We’ve all heard the narrative. A school goes into special measures and a “super-head” is parachuted in. He or she gets rid of the ostensibly worst-performing teachers, or at least allocates them to where they can do the least harm to the school’s league tables. The pupils in years 5 and 6 are trained to “ace” the SATs, the curriculum is constricted accordingly. Ofsted returns, the school is recategorised, the head moves on, and only then does the wreckage surface: ignored pupils in the lower year groups, massive overspending, and exhausted and demoralised staff.

With this in mind, I approached this book with no small degree of cynicism when I read in the “blurb” on the back that said the author had turned his school around in less than two years. However, it soon became clear that Carpenter is no quick-fix merchant. His underlying philosophy is that relationships and whole-person development are crucial for sustainable success. We place too much emphasis, he says, on cognitive learning and not enough on affective learning. Both are necessary if long-term learning and development, including the child’s emotional strength, are to be enjoyed.

Reading this was like a breath of fresh air. For example, it ought to be obvious that, to quote from the book, “beautiful buildings create beautiful people”. All too often, though, teachers and pupils have to work in environments that are less than salubrious. At some level this tells them that their well-being and sense of feeling valued are not high on the list of priorities.

If all this sounds like a call to don beads, light incense sticks, and walk around declaring “love and peace, man”, you will be relieved to learn that the book is more than a feelgood story, it’s also full of implementable advice. In other words, it will prove useful to any senior leadership team faced with similar circumstances, and who may be thinking, “What on earth should I do?”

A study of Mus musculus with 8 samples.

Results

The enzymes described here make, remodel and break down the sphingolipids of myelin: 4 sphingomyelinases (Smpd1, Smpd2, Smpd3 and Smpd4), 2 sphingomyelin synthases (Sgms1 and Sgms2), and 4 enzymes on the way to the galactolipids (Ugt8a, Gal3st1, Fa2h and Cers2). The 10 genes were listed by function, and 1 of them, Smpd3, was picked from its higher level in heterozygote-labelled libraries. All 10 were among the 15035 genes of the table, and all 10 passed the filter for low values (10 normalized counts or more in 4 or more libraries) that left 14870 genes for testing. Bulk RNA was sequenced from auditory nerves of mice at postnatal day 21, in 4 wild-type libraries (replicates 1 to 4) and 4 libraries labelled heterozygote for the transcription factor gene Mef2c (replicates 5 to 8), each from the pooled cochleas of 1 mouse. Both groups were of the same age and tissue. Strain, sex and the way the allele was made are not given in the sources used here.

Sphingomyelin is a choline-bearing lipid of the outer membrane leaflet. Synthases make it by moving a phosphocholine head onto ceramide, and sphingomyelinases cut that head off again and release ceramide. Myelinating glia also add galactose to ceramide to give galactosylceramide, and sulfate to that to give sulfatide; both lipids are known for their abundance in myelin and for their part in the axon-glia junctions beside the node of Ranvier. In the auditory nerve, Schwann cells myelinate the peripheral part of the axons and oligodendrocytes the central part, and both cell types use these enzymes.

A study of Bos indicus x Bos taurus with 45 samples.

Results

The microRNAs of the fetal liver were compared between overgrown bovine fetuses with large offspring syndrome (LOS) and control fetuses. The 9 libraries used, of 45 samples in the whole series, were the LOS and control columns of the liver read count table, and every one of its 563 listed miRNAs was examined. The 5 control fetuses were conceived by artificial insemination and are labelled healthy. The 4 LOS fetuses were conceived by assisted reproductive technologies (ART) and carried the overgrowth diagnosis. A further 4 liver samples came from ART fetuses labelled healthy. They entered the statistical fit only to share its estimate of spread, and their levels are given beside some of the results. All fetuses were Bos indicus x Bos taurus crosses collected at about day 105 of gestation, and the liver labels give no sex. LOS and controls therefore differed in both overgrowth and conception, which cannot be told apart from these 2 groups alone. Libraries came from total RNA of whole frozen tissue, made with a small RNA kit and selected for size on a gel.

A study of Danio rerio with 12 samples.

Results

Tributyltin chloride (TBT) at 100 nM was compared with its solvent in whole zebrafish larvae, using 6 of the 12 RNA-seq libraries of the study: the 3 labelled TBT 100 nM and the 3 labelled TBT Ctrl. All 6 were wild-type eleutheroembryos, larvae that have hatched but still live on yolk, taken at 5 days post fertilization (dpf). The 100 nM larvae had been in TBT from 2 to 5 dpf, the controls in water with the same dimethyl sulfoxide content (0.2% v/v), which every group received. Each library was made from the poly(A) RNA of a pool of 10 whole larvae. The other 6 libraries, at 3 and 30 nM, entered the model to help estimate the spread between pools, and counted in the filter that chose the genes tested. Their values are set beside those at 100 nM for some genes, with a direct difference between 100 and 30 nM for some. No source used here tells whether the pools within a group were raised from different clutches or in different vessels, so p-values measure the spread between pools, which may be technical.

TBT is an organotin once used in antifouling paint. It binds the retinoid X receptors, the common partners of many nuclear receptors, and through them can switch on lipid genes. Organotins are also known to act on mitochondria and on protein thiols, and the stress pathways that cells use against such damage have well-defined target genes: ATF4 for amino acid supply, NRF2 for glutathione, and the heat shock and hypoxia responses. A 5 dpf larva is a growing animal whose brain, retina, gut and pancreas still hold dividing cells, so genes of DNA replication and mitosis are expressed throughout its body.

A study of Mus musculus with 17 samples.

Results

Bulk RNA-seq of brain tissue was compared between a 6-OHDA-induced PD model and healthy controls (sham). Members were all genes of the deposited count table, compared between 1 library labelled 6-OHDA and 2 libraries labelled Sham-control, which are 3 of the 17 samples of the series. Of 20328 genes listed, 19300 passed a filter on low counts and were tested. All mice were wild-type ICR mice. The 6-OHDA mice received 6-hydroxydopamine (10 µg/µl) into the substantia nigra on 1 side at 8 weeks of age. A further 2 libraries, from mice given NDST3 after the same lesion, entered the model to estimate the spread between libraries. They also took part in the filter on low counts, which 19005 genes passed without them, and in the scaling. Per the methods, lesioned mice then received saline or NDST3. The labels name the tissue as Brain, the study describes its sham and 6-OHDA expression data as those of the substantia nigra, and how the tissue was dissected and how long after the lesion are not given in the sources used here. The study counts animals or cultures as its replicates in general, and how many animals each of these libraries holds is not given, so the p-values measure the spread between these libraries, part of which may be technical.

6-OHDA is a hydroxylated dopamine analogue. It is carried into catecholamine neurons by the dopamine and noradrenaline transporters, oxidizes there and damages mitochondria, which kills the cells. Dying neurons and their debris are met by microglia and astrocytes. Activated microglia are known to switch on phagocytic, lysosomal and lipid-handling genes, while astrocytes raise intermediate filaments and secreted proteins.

Carpenter is no quick-fix merchant

The advice takes several forms. First, there are numerous tables summarising the differences between various approaches to school reform and other areas. One table, for example, contrasts the characteristics of what the author calls a “school-improving” culture and a “proving” one. The former leads to a commitment to distributed leadership and a willingness to take risks and learn from mistakes. The latter, in contrast, is concerned with quality control and avoiding mistakes, which are seen as symptoms of failure.

Second, in the spirit of “show don’t tell”, or at least “show as well as tell”, the book includes photographs that show what is being referred to. For instance, there is a photo of a “book corner”, which looks as warm and inviting as the author describes. Another is of the “staff shout-out” board, on which small successes by teachers are shared and celebrated.

Third, and perhaps most importantly for any school leader, several very detailed rubrics cover just about every aspect of school life. One, for example, is a “culture and climate rubric” for creating an “enabling environment”. The “grades” in these rubrics tend to be in the form of terms such as “emerging”, as opposed to “poor”, all the way up to “embedded excellence”.

Finally, checklists and lists entitled “key questions to consider” appear in many chapters.

There are a few omissions. For example, it would have been useful to hear Carpenter’s advice on how to bring on board staff who are entrenched in their approach. This, I feel, is glossed over.

Another drawback is not delving into budgets. How did he convince the governors that refurbishing the whole school was a good use of money?
Last, although the book is well-structured, it suffers from the lack of an index.

These shortcomings aside, however, it is a must for any school leader determined to create a school that is children-centred in practice, not just in the school prospectus.